It will probably cost you some serious money. If you are driving a 1999-2003 Toyota or Honda vehicle, if you lose your last spare key and have to have it replaced, you will likely have to replace the vehicle’s computerized immobilizer (anti-theft) unit as well. Transponders were first added to Toyota and due to frequent theft of higher end models. The transponder keys were assigned to a specific Immobilizer unit at the factory. If all keys are lost, the immobilizer unit will not accept a new set of programmed keys. Now, transponders are standard on the majority of their vehicles.
What’s the solution? Get a duplicate key made if you are down to your last spare key. If you have already lost all of your keys, then the immobilizer will have to be reprogrammed as well as getting a new key.
Some Ford, Lincoln or Mercury vehicle owners have reported that when trying to use a replacement or duplicate transponder key, the car wouldn’t start and the immobilizer (anti-theft) light came on. What’s the solution? Check for damage to the PCM fuse relay in the car’s fuse panel. It may need to be replaced.
If your transponder key is damaged or lost, contact a local automotive locksmith before you go to the dealership, as the dealership will be the most expensive option for replacement.
Usually the dealership gives you a spare transponder key along with the original in case of emergency. You should also get another spare transponder key made in case you lose one. Why? Some duplicate transponder keys are not that expensive and if you keep 3 keys and you lose one, you can program another one.
These days almost all vehicles are keyless and work with a transponder key to unlock or lock your door or trunk or even start the engine.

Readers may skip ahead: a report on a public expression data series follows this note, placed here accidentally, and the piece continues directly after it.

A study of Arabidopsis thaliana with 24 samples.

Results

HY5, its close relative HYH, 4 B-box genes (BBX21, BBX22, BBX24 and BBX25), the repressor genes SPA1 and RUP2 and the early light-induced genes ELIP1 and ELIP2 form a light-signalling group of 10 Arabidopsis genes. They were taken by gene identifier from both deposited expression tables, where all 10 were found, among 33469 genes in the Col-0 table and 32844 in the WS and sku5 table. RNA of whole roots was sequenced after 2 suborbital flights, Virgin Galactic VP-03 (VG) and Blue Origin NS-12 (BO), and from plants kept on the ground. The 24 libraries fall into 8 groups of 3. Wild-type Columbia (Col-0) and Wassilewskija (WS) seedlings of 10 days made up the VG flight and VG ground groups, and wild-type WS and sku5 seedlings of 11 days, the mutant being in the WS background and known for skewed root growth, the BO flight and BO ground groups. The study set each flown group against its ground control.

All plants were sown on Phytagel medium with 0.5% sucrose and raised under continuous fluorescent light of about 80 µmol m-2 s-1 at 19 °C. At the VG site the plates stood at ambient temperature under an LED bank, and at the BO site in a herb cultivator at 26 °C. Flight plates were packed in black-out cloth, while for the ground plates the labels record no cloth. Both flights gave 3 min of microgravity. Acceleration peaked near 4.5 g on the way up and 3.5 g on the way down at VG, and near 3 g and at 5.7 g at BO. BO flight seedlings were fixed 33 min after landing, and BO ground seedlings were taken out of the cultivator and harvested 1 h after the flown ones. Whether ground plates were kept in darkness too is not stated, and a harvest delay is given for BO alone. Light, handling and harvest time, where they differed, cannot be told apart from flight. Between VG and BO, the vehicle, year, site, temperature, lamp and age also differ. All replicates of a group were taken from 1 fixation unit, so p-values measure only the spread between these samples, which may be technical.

Transponders are a computer chip that tell the vehicle’s computer that the right key is being used and to allow the vehicle to start and operate.
While it is rare for a transponder key to stop working, it does happen. Generally, one of these 2 issues is the problem.
If the power is too low, the transponder might be sending a lower frequency signal that your car does not recognize. Solution: Replace the battery by calling your dealer and finding out what battery to replace it with.
Even if you have only a damaged transponder key left, a good locksmith can take the damaged one get the original key code from their database and produce a new key. As long as the RFID chip has not been totally damaged, it can be removed from the old key and inserted into the new key and connected to a diagnostics port to program the new key.
If you transponder chip is totally damaged you will need to use your spare transponder key or buy a new one from your dealership and get the old one deactivated.